Wednesday, January 8, 2014

Winter Birds Take Water Baths At Minus 22 Degrees Below Zero

 Having liquid water available for birds in this extreme cold can be very important for their survival.  They need water to stay alive, but it is hard to find drinking water at -22 degrees below zero.

My heated water bath/feeder has been a popular place the last few days. It has a fringe of delicate frost grown from the mist rising off the water
 The water is only a few degrees above freezing but that was 50 degrees above the air temperature on Monday morning!  Mist swirls up from the water surface as this Goldfinch takes several drinks.

Many finches at a time are often perched around the edge of the water.
 This Blue Jay has to tip his head back to let a bill full of water flow back into its throat.  It does this several times before flying to the seed tray nearby. 
 This female Cardinal seems to be enjoying the warm mist as she waded out to the middle of the water this morning.
 This male Cardinal was braver and jumped right in for a regular bird bath this morning when the temperature reached a balmy -11 degrees below zero.
 He was not the only bird to do this.  A Starling and several House Sparrows also took baths and seemed to enjoy their time in the water.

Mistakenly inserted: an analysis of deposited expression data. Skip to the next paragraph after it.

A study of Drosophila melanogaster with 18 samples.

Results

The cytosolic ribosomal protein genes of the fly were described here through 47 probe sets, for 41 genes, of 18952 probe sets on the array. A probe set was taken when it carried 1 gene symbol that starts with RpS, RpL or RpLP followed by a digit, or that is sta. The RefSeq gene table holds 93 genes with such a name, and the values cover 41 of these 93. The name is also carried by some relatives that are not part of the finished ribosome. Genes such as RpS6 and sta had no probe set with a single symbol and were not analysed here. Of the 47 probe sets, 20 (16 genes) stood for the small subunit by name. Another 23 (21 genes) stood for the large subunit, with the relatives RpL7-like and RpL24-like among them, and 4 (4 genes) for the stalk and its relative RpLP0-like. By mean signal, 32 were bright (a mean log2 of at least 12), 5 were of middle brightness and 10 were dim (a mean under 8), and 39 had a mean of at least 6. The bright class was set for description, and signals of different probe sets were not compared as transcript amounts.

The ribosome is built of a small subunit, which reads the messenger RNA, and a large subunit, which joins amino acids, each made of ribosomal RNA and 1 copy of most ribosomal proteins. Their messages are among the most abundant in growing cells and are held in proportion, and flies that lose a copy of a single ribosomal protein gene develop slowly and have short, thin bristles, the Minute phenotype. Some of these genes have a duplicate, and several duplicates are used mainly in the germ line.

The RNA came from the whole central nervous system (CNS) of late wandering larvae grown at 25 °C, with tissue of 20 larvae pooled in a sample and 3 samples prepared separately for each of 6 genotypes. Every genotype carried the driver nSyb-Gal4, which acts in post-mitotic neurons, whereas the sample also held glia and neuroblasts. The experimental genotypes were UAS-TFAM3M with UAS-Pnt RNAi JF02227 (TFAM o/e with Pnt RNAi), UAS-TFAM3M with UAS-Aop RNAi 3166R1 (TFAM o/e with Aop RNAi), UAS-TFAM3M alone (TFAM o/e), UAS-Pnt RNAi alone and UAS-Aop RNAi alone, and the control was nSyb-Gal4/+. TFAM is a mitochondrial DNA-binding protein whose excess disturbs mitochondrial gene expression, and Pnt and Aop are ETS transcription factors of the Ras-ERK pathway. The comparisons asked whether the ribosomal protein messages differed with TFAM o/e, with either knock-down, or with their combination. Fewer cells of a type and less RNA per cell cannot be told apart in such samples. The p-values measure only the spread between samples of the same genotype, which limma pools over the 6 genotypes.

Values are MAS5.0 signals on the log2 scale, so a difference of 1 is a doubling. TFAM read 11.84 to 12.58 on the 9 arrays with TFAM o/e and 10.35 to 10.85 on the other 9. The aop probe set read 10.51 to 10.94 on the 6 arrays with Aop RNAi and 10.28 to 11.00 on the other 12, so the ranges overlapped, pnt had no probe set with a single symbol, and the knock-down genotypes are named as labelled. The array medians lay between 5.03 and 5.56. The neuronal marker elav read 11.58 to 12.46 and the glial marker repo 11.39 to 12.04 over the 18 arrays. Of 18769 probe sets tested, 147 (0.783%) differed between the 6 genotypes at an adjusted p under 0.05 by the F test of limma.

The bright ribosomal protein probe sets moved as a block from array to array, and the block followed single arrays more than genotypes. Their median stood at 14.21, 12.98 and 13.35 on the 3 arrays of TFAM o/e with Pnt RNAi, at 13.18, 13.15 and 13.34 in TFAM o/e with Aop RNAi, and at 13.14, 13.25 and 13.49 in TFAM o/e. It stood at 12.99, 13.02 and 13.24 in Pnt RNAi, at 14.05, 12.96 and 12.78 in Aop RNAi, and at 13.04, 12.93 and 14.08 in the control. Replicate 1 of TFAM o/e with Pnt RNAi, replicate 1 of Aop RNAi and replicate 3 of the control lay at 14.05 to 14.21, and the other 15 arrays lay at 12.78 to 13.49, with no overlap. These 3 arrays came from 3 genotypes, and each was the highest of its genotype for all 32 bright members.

There must be some advantage to water bathing at these cold temps.  But only a few birds seem inclined to do it.


The Cardinal below has oily feathers to shake the water off.  The House Sparrow below is showing off making designs with water spray.

Monday, January 6, 2014

Cardinals and Blue Jays Have Frosty Eyes at 22 Degrees Below Zero

 This Cardinal was at my feeders this morning with a temperature of 22 degrees below zero F.  Both the Cardinals and the Blue Jays had frost around their eyes.  I have not seen this before.

The moisture from their breathing must have condensed in the extreme cold onto the feathers around their eyes.

After an hour or so the frost particles were gone, and did not seem to effect the birds in any way, but it made them look odd.
 The frost was on the feathers around both eyes, and broke loose in little pieces.
 At these very cold temperatures the birds need to eat to stay alive, so I was able to get close to take these pictures.
 This Blue Jay had quite a lot of frost at first light, but did not sit still to pose for pictures.  Grabbing a mouthful of seeds it would fly away and eat them, then return for more to hide or eat.
 I think the picture below pretty much gives a sense for how these birds feel about this very cold weather.

This is the true test for survival for these birds and all living things needing to find food on an hour by hour basis in this cold.